Ari Emanuel on Disappearance of Journalist Jamal Khashoggi: ‘I Personally Am Really Concerned’

Endeavor CEO says his company is “monitoring” country that pledged to invest $400 million in it earlier this year

Ari Emanuel gave his first comments on the disappearance of Saudi dissident Jamal Khashoggi on Monday, saying that Endeavor is “monitoring” the situation and that he is “really concerned” about the news that has American companies reconsidering their partnerships with Saudi Arabia.

“I personally am really concerned about it,” said Emanuel at the MIPCOM entertainment conference in Cannes, according to The Hollywood Reporter. “We’re monitoring the situation and that’s legally all I can say right now. It’s very, very concerning, really concerning. It’s upsetting.”

Earlier this year, Saudi Crown Prince Mohammed bin Salman visited Hollywood and the Saudi government pledged to invest $400 million in Endeavor as part of the country’s attempts to modernize its economy and move away from oil. Bin Salman’s courting of Hollywood also saw him visit major studio heads like Disney CEO Bob Iger, as well as end the country’s 35-year ban on movie theaters as AMC opened its first cineplex there this past spring.

But the country’s dealmaking has been thrown into question following news that Khashoggi, a U.S. resident and Washington Post columnist who has criticized bin Salman’s government for human rights and press freedom violations, went missing earlier this month after visiting the Saudi consulate in Istanbul. Turkish intelligence organizations suspect that he was murdered in the consulate with bin Salman’s approval.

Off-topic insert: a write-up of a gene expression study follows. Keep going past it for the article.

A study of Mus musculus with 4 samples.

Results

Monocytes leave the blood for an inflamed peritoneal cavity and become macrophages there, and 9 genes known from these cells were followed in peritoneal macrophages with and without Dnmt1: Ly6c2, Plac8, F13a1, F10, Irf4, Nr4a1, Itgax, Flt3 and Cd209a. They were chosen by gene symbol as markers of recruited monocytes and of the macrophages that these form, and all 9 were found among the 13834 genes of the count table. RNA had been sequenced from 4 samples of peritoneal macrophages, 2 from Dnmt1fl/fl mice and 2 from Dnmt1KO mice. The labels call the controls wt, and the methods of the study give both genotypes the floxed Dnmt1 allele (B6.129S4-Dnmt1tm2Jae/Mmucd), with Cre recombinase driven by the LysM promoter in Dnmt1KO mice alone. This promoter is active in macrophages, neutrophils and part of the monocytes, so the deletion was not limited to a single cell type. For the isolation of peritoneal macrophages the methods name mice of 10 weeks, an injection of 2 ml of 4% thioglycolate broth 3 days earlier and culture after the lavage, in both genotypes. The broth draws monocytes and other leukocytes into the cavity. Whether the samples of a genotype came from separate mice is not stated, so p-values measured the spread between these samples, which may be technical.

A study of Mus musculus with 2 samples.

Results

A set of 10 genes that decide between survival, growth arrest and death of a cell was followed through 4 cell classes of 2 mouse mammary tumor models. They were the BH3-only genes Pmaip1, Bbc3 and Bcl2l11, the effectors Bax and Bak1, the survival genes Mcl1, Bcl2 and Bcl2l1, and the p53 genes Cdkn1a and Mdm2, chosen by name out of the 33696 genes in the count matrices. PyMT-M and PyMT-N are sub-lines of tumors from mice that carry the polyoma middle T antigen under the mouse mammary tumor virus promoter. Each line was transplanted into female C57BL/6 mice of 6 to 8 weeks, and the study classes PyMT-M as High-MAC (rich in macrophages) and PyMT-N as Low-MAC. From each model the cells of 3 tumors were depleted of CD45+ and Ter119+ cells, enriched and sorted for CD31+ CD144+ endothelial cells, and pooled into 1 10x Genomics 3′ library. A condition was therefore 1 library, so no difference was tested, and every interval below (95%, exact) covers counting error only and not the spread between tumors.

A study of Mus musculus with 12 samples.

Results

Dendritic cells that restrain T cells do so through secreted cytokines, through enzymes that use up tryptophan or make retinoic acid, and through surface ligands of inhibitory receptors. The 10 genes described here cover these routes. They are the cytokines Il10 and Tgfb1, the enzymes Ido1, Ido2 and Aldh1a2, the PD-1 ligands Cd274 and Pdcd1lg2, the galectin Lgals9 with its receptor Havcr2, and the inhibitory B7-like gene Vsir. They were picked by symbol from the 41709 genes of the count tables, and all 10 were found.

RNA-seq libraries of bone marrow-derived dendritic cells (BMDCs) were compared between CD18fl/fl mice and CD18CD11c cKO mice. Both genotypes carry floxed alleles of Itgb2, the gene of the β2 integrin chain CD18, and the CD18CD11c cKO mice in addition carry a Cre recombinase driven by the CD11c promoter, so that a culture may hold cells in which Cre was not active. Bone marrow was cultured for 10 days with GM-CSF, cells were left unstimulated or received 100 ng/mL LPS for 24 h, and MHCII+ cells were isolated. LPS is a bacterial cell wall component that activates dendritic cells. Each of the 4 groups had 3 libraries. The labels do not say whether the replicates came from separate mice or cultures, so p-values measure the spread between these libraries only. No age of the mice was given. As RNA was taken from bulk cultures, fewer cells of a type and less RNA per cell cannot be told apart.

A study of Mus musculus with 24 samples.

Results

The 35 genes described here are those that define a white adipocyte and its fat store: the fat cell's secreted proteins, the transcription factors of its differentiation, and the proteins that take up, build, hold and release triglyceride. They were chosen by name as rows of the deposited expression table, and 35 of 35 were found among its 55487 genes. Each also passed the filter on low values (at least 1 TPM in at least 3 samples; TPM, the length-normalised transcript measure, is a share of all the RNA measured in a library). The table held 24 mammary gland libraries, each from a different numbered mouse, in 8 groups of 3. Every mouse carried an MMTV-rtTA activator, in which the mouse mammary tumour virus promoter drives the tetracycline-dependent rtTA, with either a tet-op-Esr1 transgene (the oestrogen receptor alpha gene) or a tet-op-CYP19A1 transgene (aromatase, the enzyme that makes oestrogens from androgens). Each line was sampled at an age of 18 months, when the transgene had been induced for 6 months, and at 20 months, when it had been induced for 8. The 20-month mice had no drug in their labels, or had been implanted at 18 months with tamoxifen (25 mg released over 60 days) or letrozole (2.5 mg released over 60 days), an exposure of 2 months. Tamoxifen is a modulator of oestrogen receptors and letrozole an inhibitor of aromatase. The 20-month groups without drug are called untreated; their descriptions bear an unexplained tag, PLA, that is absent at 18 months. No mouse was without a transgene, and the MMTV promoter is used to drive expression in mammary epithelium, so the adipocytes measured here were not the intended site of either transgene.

Since the news broke, Democrats and Republicans on Capitol Hill have called for the U.S. to end its arms deals with Saudi Arabia if the Turkish reports are proven to be true, while the Trump administration has continued to support bin Salman and has sent Secretary of State Mike Pompeo to meet with him.

Meanwhile, in the business world, several major U.S. businesses have pulled out of the Saudis’ Future Investment Initiative (FII) conference, which is set to take place in Riyadh on Oct. 23. Viacom CEO Bob Bakish and STX Entertainment CEO Robert Simonds announced this past week that they would not attend, joining executives from Uber, Ford Motor Company, and JP Morgan Chase, among others.

Multiple U.S. media partners have pulled out of the FII, including The New York Times, Bloomberg, The Los Angeles Times, The Financial Times, The Economist, CNBC, and CNN. Only Fox Business and Arabic news organization Al Arabiya remain as partners.